I just finished reading three trade paperback comics my wife bought me for Christmas, from Joe Straczynski's run on "Amazing Spider-man." At this point, I've declared open season on anything he's written and am preparing to admit that I might have misjudged "Babylon 5." His comics take a little while to get going, but when they take off, they're nothing short of incredible.
In the first ASM trade, Straczynski basically reinvents Spider-man's origins by suggesting it wasn't the radiation that gave Peter Parker his power, but the spider itself. From there he ventures into a story that explores the totemic nature not only of Spider-man but of a number of heroes and their villains. (That's why Captain America, a hero emblematic of America, has for an arch-enemy the Red Skull, who embodies Nazism, and so on.)
From there he goes on to reinvent the entire Spider-man mythos, in an entirely believable way. He revisits the guilt that drives the hero, completely alters his relationship with his aunt, and then gives the unassuming Peter Parker a long overdue measure of heroism, by having him become an inner-city high school science teacher.
That last part is one of the things I really enjoy about Straczynski's writing. In addition to his creativity in exploring the mythic aspects of his subject -- and changing Spider-man from a purely juvenile adventure comic to a more adult one -- he doesn't shy away from some of the more unpleasant parts of city life. Superhero comics all too often earn the rep as kiddie comics because they're fighting a different supervillain each month, dressed in costumes as silly as the ones the heroes themselves wear, and usually with some melodramatic and obviously evil goal, like conquering the world.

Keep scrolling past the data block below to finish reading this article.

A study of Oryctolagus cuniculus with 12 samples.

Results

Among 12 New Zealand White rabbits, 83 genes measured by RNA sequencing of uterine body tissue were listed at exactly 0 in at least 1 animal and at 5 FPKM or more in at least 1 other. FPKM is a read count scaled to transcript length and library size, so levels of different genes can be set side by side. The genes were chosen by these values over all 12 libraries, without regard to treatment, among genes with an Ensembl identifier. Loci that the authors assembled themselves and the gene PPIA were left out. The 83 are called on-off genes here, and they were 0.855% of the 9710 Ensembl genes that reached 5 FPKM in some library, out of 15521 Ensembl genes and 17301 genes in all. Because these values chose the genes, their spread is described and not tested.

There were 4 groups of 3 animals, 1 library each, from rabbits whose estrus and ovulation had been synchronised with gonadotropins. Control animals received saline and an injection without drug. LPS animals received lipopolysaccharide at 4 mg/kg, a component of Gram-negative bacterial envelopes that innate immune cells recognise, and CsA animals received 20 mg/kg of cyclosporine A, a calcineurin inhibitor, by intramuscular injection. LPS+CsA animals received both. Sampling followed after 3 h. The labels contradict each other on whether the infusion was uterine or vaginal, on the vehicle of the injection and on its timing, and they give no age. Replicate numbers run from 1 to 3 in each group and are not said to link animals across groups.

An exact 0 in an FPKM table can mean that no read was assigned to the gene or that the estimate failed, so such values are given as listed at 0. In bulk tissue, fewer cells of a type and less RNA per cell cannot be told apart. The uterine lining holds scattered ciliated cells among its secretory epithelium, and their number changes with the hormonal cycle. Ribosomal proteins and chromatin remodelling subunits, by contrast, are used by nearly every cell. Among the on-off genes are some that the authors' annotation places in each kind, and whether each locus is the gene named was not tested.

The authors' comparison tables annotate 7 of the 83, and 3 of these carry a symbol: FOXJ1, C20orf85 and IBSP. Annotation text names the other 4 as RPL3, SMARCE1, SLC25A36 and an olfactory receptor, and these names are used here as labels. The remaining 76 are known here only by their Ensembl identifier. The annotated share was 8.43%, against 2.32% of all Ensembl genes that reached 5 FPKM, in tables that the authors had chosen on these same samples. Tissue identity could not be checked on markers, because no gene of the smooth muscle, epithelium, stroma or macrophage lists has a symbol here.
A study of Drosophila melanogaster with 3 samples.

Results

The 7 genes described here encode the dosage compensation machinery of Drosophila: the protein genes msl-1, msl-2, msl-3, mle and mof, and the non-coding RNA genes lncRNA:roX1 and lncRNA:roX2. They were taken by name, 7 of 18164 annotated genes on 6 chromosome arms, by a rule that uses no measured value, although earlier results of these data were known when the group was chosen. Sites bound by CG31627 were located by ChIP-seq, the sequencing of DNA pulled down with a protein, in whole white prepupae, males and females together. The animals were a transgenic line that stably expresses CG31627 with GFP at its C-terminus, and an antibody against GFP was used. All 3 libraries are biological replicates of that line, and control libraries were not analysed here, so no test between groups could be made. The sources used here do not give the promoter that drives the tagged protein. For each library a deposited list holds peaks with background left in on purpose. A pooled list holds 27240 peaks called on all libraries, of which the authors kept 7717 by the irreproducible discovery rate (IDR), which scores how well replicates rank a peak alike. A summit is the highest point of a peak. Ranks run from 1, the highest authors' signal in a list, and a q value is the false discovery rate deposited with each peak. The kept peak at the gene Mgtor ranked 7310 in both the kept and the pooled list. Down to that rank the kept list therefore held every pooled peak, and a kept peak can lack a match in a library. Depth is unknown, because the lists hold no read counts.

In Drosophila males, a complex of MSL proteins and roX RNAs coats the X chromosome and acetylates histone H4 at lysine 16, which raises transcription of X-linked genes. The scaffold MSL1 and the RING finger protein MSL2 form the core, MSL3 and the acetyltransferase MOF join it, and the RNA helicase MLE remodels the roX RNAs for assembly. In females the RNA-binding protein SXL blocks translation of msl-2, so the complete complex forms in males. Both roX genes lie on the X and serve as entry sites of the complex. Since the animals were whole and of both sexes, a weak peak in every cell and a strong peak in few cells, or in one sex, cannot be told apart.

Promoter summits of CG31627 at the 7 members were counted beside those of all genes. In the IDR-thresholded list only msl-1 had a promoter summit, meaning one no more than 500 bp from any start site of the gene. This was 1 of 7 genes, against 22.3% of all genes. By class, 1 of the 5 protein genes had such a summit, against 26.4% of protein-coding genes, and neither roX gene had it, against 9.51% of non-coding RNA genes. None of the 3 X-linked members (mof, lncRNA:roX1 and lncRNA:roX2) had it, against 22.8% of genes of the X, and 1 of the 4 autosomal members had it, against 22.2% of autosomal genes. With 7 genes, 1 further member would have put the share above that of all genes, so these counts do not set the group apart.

In Straczynski's comic, Parker is faced with serious issues like students coming to school with guns, with drug addiction and homelessness, and with society's indifference to those problems.
A few months ago I read another comic Straczynski wrote, called "Midnight Nation." It's published by Top Cow Comics (a division of Image) under the imprint Joe's Comics. It follows the experiences of an L.A. cop named David Grey after his soul is stolen by the Devil and he walks across the nation to New York (naturally) to get it back.
The only people Grey can see, and the only things he can use, are whatever has been abandoned. And there are plenty of people he meets: families with children, downsized manufacturing workers, runaways, ex-cons, and others of society's cast-offs.
I found the comic deeply moving on a spiritual level, particularly at the end, when the protagonist comes face to face with the Devil, hears the Devil's argument about why the rebellion against heaven is needed -- rather nicely, the Devil's argument is one based on compassion, that he can't stand the misery contained in God's creation -- and Grey has to decide whether he still wants his soul and which side of the war he wants to be on. It's not wholly biblical, as Christian orthodoxy holds that Satan's rebellion predates the Fall and the coming of death and misery into the world, but it is an excellent read, and you've got to give Straczynski kudos for dealing with these questions so honestly, even if the exact storyline he uses to raise them are debatable.